While fighting civil war at home, Syria regime warns citizens against travel to Turkey, citing "security conditions"

An image taken from video posted online by Syrian opposition activists shows a man running to join a rescue effort after alleged government air strikes in the Moadamiyeh al-Sham suburb in southern Damascus, Jan. 14, 2013. YouTube

LONDONSyria's civil war-strained government has warned its citizens against traveling to neighboring Turkey, suggesting four days of protests and rioting in the capital makes it too dangerous a destination to visit.

According to the United Nations' conservative estimate, at least 70,000 people have been killed in the uprising against Syrian dictator Bashar Assad, which has descended during the last two years into a full-blown civil war fought on largely sectarian lines, and has begun creeping across the country's borders.

In a warning issued by the Syrian Foreign Ministry and published in state media, the government warned Syrians to avoid Turkey, "for fear for their safety, due to the security conditions in some Turkish cities that have deteriorated over the past days and the violence practiced by Erdogan's government against peaceful protesters."

Thousands have taken to the streets in Istanbul for four days in a row, angry over the heavy-handed police response to a small demonstration last week, and angry at the country's leader. The ire in Turkey is focused squarely on Prime Minister Recep Tayyip Erdogan, who protesters accuse of writing his own personal conservative Muslim views into the nation's sectarian laws.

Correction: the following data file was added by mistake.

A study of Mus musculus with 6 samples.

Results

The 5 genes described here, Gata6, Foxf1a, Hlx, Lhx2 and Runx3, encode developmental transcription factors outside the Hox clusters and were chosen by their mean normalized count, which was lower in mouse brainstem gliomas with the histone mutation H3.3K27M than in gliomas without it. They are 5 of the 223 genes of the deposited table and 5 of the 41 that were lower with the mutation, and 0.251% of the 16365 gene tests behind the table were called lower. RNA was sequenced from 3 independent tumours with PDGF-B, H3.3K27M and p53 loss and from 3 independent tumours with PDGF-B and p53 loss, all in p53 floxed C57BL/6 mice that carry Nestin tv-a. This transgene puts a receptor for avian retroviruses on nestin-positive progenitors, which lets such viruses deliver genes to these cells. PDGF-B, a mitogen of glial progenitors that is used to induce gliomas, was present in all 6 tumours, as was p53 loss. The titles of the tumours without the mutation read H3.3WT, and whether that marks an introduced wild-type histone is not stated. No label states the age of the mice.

The clashes with police have led to dozens of injuries and at least one reported death, but the travel warning from a government accused of using warplanes to indiscriminately bomb civilian neighborhoods in its own territory is more a jab at an old friend-turned-foe than a manifestation of serious concern for the safety of traveling Syrians.

Erdogan has been one of the most vocal critics of Assad since the uprising began in Syria. The Turkish government is supporting rebel groups fighting inside Syria, and many high-level Syrian defectors have been given refuge across the border in Turkey.

The most dangerous places in Turkey right now may well be the towns and villages closest to the border with Syria, in fact. In mid-May, two car bombs tore through the Turkish border town of Reyhanli -- which has become a hub for Syrian rebels and opposition members -- killing 46 people, most of them Turkish. Turkey's government arrested nine people and quickly linked them to the Syrian government. It was the most significant cross-border attack to hit Turkey since the war broke out in neighboring Syria.

CBS
  • Tucker Reals

    Tucker Reals is the CBSNews.com foreign editor, based at the CBS News London bureau.